Islamophobia, Anti-Semitism, and Racism in the West

Lee Medovoi, PhD
Professor and Head of the Department of English

Lee MedovoiAffiliated Faculty:
Program in Gender and Women's Studies
Program in Religious Studies
Institute for the Environment

University of Arizona

Tuesday, February 10, 2015
7.00pm in ILC 120 (Map)

Co-sponsored by the Arizona Center for Judaic Studies, the Department of Gender & Women's Studies, the School of Middle Eastern & North African Studies, Department of English, the Religious Studies Program, and the Religion, Secularism, and Political Belonging Initiative (RelSec).

Video of the talk

This event is free and open to the public

CMES Distinguished Lecture

With the recent attacks in Paris, Europe seems poised to join the post 9/11 United States in an era of intensified Islamophobic politics. Anti-Semitism too appears at stake, but in vexing ways for defenders of European multiculturalism who do not want to stigmatize Muslim minorities in raising the issue of anti-Semitism. This talk places this current predicament in a larger context by inquiring into the long political history and significance of both Islamophobia and anti-Semitism. In Europe today, Islamophobia is typically considered a form of xenophobia, or anti-immigrant sentiment. A quite different approach has analyzed Islamophobia as a variation on what Edward Said once called the Orientalist knowledge project of European imperialism.  Anti-Semitism, meanwhile, appears as a repudiated form of biological racism. This talk takes a somewhat different approach, suggesting that both Islamophobia and anti-Semitism exemplify a uniquely western form of politics that involves the racializing of religion. As such, Islamophobia and anti-Semitism ironically share a common logic and a complex history. By calling attention to these intertwined histories of western racism, the talk aims to shed critical light on our present moment.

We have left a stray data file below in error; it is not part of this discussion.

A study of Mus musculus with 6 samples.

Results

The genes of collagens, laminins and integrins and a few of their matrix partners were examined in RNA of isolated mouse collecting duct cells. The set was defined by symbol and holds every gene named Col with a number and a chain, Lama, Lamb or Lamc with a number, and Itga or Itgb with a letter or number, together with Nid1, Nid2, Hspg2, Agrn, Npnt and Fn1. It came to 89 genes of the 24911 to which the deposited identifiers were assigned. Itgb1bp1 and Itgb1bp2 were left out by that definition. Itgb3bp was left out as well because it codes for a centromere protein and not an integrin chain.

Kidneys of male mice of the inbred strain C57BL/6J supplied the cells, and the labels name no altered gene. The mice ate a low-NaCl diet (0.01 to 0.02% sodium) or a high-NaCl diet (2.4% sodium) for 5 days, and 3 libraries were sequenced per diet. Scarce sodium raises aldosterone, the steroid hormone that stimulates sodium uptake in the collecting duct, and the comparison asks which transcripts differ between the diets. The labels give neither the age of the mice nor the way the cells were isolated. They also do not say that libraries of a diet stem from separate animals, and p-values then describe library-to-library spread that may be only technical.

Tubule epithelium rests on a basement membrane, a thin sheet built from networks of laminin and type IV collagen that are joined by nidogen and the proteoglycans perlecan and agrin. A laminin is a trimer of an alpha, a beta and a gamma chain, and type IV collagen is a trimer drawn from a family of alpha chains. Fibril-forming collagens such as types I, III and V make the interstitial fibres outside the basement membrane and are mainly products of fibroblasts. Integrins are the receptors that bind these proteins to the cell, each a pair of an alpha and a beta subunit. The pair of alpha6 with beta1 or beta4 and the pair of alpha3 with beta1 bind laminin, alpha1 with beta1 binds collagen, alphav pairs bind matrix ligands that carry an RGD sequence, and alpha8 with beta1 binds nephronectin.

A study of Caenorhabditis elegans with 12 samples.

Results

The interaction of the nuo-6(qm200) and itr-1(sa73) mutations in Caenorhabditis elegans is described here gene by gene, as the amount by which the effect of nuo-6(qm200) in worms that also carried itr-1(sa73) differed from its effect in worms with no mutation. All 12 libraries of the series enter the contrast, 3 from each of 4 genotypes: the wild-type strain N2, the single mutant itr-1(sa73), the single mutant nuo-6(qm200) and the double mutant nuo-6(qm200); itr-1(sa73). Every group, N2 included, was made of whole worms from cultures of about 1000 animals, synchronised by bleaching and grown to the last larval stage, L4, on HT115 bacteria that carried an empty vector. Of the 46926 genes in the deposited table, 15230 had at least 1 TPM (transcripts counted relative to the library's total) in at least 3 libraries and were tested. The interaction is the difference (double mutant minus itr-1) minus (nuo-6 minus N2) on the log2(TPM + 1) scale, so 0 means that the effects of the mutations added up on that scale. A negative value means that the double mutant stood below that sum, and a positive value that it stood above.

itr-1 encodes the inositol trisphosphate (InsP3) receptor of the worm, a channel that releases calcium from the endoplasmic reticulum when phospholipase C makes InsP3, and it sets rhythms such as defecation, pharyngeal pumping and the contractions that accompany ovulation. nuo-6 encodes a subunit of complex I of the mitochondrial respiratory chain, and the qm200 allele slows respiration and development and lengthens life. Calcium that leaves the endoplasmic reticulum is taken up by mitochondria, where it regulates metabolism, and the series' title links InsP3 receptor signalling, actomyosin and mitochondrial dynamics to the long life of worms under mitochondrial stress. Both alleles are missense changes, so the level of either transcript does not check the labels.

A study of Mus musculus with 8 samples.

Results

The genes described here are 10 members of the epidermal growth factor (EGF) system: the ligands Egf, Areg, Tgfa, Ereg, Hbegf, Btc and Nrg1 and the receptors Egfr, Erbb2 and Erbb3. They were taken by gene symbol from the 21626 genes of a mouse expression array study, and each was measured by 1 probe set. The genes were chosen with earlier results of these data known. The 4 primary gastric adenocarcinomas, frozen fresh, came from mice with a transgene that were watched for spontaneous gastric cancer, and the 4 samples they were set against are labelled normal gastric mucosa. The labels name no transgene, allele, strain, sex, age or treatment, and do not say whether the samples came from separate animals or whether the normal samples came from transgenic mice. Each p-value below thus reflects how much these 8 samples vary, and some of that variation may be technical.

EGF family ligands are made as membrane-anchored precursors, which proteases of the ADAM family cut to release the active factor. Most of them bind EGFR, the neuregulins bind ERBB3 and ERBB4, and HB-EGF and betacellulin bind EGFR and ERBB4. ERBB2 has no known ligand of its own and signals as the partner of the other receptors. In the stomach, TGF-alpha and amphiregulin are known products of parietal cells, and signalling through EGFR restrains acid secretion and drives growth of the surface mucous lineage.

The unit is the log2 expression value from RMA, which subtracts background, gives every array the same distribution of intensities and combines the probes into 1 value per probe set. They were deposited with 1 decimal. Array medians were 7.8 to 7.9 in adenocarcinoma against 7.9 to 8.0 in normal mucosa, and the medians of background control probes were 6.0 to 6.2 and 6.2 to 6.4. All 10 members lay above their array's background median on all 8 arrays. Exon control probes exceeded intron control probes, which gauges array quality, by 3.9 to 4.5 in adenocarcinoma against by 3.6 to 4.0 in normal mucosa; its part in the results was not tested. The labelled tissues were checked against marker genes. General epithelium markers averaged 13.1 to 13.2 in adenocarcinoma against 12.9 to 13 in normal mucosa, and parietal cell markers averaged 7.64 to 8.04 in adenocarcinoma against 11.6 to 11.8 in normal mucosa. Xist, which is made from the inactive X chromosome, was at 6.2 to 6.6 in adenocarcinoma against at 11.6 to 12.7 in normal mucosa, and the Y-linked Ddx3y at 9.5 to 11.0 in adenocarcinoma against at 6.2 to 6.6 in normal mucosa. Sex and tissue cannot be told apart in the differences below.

Lee Medovoi is a Professor and Head of the Department of English at the University of Arizona. A graduate of the Ph.D. program in Modern Thought and Literature at Stanford University, he was the founding director of the Portland Center for Public Humanities. His book, published with Duke University Press, explores the transformation of American culture and politics during the Cold War. He is currently working on a new book titled The Second Axis of Race: Biopolitics of the Dogma Line that studies the history of Islamophobia in light of post 9/11 events. He has lectured on this project at universities in the United States, Canada, Brazil, Germany, Holland, Lebanon, and China.  He is also the principal investigator for an international collaborative research project, funded by the Mellon Foundation, that takes a global approach to the study of "Religion, Secularism, and Political Belonging."